Outdoor spaces, good air filtration lead to reduced risk of COVID-19
You may have seen a viral post, or heard about it on KIRO Radio, posted by Erin Bromage, a professor at the University of Massachusetts at Dartmouth called, “The Risks – Know Them – Avoid Them.”
In his post, Bromage, an expert in science communications, outlines how the coronavirus is transmitted, particularly in enclosed spaces and in large groups. He originally posted it for his friends and family, not expecting it to be seen by nearly 14 million people.
“I have been teaching an undergraduate class this past semester on ecology of infectious diseases, and I picked a new emerging threat that was coming out of China when I put the syllabus together in January,” Bromage said. “And so since January, my students and I had been tracking the emerging science coming out of all these amazing labs around the world and just collating it together.”
As it started to emerge as a global threat, Bromage said he put the information together and shared it on Facebook for his friends.
“From there, I had a few people ask, could it be accessible off Facebook? And so over the period of about 12 weeks, I’ve written about 40 posts,” he said. “Some on just updates of where we are now, others on shopping plans, where we shouldn’t wear the masks, about the role of animals, just sort of relevant things that I was trying to work out, and understand the problem myself.”
Bromage is from Australia, where they’re working to reopen. As the United States starts to reopen, he realized nobody really had the guidelines we need to protect ourselves in the community.
“I was just trying to teach my friends, those closest around me, where the dangers were so they could navigate this new normal a little bit differently,” he said. “I was not expecting 14 million eyes to lay on the post, there’s normally about 500 people reading it. But that’s where it ended up.”
The message was perhaps reassuring for people, as it’s fairly safe to be outside. Though there are still risks, Bromage clarified.
“I look at people being worried about everything, and the way I have approached this problem in regards to the pandemic is the more that you know about it, the better armed you can be and the better decisions that you could make,” he said. “And so when you’re spending energy really worrying about things, there are things you should worry about, and then there’s things that are risky, but let’s not go overboard with how crazy you should be about them, and being outside is one of those things.”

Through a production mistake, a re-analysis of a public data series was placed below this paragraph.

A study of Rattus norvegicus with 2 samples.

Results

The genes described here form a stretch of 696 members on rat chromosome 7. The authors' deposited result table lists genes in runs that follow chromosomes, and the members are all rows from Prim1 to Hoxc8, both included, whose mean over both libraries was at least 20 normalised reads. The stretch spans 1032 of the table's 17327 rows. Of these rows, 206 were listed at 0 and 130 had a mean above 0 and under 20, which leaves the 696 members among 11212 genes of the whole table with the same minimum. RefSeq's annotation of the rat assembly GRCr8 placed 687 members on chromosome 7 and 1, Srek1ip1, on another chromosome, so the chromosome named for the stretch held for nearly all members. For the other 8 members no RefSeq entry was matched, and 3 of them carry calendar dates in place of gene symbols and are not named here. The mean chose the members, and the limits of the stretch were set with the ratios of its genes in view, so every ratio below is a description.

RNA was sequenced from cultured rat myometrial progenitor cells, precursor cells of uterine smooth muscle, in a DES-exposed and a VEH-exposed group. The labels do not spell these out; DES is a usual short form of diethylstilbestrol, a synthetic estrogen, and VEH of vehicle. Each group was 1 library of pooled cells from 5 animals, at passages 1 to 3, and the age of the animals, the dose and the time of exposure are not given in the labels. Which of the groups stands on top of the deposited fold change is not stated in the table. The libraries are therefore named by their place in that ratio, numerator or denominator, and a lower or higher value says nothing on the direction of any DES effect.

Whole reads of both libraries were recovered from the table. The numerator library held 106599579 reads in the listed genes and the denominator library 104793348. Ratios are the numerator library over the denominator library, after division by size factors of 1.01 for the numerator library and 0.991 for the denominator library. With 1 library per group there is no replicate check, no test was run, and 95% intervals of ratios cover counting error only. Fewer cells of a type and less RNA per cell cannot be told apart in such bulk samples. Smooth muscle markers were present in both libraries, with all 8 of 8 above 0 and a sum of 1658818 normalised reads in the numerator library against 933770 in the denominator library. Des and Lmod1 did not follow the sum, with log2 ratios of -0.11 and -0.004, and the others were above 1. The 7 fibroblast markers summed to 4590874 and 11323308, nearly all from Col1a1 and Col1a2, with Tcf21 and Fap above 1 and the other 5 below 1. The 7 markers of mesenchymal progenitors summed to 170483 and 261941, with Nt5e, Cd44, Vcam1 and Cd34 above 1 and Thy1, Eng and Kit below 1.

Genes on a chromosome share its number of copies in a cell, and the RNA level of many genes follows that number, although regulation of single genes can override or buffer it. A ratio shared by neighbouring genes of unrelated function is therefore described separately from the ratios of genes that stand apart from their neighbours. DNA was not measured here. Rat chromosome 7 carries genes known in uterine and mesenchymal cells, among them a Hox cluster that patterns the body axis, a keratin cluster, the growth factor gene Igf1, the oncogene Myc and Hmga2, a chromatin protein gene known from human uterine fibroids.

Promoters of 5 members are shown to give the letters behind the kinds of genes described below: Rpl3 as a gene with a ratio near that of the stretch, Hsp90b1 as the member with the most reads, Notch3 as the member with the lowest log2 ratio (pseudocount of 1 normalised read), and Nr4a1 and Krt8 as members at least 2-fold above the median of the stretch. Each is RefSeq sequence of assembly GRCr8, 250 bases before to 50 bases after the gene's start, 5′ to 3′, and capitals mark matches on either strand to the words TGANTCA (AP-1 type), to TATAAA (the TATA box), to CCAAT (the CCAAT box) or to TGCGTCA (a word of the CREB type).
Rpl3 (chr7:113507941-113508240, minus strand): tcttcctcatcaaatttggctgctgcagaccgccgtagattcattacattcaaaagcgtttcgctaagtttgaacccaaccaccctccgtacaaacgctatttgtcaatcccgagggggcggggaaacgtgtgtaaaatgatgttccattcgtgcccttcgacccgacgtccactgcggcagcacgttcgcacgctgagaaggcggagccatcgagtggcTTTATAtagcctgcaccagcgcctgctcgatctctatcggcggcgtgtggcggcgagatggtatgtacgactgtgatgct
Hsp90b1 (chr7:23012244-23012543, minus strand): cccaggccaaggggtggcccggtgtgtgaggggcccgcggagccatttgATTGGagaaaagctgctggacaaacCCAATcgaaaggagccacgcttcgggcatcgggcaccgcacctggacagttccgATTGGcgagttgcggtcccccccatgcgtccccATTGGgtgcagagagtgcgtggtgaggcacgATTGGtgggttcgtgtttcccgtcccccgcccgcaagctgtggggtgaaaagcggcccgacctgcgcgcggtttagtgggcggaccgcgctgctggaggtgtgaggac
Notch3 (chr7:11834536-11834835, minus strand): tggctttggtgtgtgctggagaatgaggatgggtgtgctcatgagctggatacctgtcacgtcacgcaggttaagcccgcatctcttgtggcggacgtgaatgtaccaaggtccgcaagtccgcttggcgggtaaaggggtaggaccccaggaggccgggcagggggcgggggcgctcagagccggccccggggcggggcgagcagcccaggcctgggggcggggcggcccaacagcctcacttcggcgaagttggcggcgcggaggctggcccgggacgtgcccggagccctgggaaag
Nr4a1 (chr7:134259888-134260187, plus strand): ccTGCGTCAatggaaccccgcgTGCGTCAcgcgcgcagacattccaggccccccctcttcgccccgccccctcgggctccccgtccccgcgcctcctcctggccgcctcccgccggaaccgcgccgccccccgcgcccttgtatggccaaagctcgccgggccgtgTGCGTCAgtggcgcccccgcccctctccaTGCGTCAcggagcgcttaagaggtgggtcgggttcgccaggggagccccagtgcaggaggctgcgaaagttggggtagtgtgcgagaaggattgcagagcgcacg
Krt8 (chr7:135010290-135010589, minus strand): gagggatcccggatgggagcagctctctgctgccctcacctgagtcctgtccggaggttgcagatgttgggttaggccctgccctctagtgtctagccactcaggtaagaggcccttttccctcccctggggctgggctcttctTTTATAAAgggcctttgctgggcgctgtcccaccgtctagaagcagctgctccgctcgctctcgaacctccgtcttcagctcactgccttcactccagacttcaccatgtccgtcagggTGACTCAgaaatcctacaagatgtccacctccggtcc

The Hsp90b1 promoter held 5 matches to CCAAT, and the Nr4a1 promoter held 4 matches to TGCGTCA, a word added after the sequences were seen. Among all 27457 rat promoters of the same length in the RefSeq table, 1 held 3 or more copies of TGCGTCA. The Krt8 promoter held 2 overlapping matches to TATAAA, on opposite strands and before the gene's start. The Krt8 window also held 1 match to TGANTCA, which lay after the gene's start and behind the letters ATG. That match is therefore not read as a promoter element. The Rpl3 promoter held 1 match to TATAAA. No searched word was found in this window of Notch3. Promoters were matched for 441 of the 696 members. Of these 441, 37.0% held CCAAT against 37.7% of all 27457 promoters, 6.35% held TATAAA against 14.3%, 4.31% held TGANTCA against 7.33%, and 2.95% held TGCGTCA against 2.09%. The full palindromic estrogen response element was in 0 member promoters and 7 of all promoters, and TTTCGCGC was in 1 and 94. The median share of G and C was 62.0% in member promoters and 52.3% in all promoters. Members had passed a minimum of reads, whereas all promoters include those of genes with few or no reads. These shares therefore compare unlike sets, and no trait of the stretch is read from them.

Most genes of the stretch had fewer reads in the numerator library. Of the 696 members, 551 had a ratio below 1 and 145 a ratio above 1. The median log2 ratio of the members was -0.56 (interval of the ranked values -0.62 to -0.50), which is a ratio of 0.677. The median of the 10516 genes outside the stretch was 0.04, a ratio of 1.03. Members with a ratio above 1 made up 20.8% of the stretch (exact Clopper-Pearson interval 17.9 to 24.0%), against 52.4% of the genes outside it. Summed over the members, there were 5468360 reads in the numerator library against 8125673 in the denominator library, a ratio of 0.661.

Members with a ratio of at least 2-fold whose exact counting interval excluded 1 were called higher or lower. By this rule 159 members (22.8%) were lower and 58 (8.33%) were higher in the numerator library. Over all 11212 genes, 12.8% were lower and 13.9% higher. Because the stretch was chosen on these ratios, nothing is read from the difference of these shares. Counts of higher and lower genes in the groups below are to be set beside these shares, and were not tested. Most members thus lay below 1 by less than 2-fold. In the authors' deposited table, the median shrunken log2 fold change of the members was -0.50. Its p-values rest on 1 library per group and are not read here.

If you maintain social distance, and are mindful of your environment and surroundings, including any strong breezes, outdoors is a great place to be, Bromage says.
“It’s not just a single viral particle that infects you,” he said. “You have to build up to an infectious dose, and that can take time with just breathing.”
“The evidence is just building that enclosed spaces with lots of people and poor filtration lead to everything that you need for a cluster, an outbreak to occur in that environment,” he added.
If the safety of the outdoors is the good news, the danger of the indoors is the bad news.
“I’m almost certain that we can engineer our way out of this problem,” Bromage said. “There’s the biology we need to solve, and then we need to bring that together with these building engineers that understand filtration systems and filter systems. And things can be put in place to make indoor environments safer.”
Until a vaccine comes, Bromage said little things like added physical space between people, making sure there is adequate filtration that replaces the air from outside, not just recycling the air, and wearing masks can all reduce the risk when you’re indoors.
“It’s just going to take some great science, some great engineering, and people just relearning the way in which we operate,” he said.